7 Reasons why the Endometriosis Community are taking action for the 7%

A community of endometriosis warriors, supporters, researchers and clinicians are coming together to ignite change.


The community of endometriosis warriors, supporters, researchers and clinicians want to see a world where people with endometriosis receive a timely diagnosis and personalized, effective treatment. To help fuel this vision, the Centre for Pelvic Pain & Endometriosis partnered with BC Women’s Health Foundation to create a space for the community to take action through fundraising, to make critical research possible.

With over $25,000 raised and counting, the community is galvanizing to build a better future for people with endometriosis. ‘it is clear we must now add fundraising to ensure we get the help we deserve and desperately need.’ – words from Erin Fernie’s fundraising page, a patient of The Centre for Pelvic Pain & Endometriosis since 2014. Erin’s fundraiser, “I’m as Mad as Hell”, encapsulates how she feels about the lack of funding for research of this disease.

Here are seven reasons why the endometriosis community are taking action and championing this cause by raising funds:

1. Delay in Diagnosis

The average delay in diagnosis for endometriosis is 5.4 years but sometimes it can take up to 20 years. Diagnosis gives comfort – people can finally understand what is causing their pain and can start the course to receiving appropriate treatment. Through funds raised, the Centre for Pelvic Pain & Endometriosis wants to conduct research identifying potential biomarkers for endometriosis that could assist with diagnosis, helping us understand disease prognosis and uncover new treatments.


2. Endometriosis is a full-body disease

Poor mental health in endometriosis patients has been demonstrated in studies again and again, around 60 per cent of the patients at the Vancouver clinic suffer from depression and anxiety, says Dr. Catherine Allaire, Medical Director of the BC Women’s Centre for Pelvic Pain & Endometriosis. That’s why they offer clinical counselling as part of the interdisciplinary approach at the centre. It’s a priority for people with endometriosis to obtain improvement in pain, mental health, and quality-of-life. The centre offers workshops, counselling and resources to promote mindfulness strategies to navigate pain. This interdisciplinary approach to care is effective and comprehensive, with incredible results. The team wants to complete an economic analysis of interdisciplinary care for endometriosis, to help newly qualified endometriosis specialists across Canada set up their own interdisciplinary clinics, so that more patients can benefit from this model of care.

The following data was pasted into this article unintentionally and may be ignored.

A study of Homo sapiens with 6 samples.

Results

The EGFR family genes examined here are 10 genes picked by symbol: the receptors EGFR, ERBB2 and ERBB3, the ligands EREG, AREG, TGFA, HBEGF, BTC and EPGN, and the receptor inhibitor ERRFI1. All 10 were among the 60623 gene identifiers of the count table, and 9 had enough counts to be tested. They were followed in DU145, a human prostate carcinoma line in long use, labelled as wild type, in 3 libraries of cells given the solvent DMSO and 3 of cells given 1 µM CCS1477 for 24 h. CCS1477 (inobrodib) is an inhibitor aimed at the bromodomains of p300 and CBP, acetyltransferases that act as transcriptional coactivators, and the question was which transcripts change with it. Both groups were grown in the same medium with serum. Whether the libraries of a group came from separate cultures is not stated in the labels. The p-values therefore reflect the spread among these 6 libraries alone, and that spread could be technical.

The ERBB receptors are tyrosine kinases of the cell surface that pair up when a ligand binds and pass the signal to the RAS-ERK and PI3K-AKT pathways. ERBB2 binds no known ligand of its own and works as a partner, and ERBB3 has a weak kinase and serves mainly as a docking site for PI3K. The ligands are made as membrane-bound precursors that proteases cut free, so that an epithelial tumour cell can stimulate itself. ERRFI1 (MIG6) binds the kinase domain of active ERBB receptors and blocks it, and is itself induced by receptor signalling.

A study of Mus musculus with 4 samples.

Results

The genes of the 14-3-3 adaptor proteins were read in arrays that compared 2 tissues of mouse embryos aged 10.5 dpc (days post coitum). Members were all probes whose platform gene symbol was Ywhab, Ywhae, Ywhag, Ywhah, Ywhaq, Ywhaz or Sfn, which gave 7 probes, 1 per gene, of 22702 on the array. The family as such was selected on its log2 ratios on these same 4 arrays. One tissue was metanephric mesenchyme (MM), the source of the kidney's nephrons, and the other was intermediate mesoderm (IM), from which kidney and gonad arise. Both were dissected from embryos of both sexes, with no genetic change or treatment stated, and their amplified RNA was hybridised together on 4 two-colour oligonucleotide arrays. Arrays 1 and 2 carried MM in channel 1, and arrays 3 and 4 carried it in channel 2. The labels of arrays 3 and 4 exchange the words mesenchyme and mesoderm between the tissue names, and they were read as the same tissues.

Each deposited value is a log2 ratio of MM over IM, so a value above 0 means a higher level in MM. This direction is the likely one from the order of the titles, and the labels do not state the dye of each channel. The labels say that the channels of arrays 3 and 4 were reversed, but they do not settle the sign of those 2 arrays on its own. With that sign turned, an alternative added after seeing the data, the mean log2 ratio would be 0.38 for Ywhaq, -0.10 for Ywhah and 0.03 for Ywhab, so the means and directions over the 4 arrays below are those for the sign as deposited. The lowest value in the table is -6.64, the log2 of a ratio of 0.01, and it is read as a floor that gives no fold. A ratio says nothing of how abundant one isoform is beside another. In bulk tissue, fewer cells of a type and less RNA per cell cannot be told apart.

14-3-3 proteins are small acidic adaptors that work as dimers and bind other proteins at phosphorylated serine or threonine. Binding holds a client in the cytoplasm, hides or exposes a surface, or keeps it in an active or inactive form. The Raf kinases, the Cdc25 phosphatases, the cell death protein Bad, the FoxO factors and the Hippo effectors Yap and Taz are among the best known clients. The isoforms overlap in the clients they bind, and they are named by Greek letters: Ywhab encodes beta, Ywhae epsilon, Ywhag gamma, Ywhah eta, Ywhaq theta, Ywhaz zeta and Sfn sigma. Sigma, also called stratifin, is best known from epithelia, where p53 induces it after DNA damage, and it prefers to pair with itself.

3. Lack of awareness

It’s difficult to convey how challenging and isolating it is to live with endometriosis but increased awareness can aid in building community and driving policy changes across Canada. Through fundraising, the Centre for Pelvic Pain & Endometriosis will continue to design accessible, interactive, evidence based online resources for patients, providers and the public.


4. Endo research funding

In the past 20 years, only $7.3 million has been spent on research into endometriosis in Canada, that just $7.30 per person for the 1 million Canadians estimated to be living with the condition. In 2020, BC Women’s Health Foundation released a report called The Research Divide, which highlights what we all know to be true, women’s health research is funded less often, for shorter terms, and for lower funding amounts.  We still know very little about how endometriosis develops, how it causes pain, the effects of living with a long term chronic pain condition and the effectiveness of available treatments. Funds raised will go a long way toward research for endometriosis-related projects and finding answers for people with endometriosis.


5. Life-impacting pain

The primary symptom of endometriosis is severe, life-impacting pain. Their pain is real and can take over their life- affecting work, family and social life. Medical experts still don’t entirely understand the condition, the research team at BC Women’s Centre for Pelvic Pain & Endometriosis wants to continue investigating how endometriosis causes pain and improve pain treatments so patients can lead happy, healthy lives.


6. There is no cure

Endometriosis is a multi-organ disease with no cure, and treatment aims to ease symptoms so that it can be not only managed, but in some cases reduced. Endometriosis can be difficult to treat – with funding, the centre wants to understand why some people’s pain doesn’t improve with current treatments and to identify new ways to treat endometriosis.


7. Endometriosis costs $1.8 billion per year to Canadian society

Difficulties accessing effective treatment lead to years of suffering for many people with
endometriosis in Canada, impacting their ability to thrive in life, work and play. We can lose so many people’s valuable contribution to the communities we live in, as studies indicate that the societal cost of endometriosis is around $2 billion dollars every year in Canada. It’s crucial we can identify and evaluate effective treatments for this condition so we can build a society where we all thrive.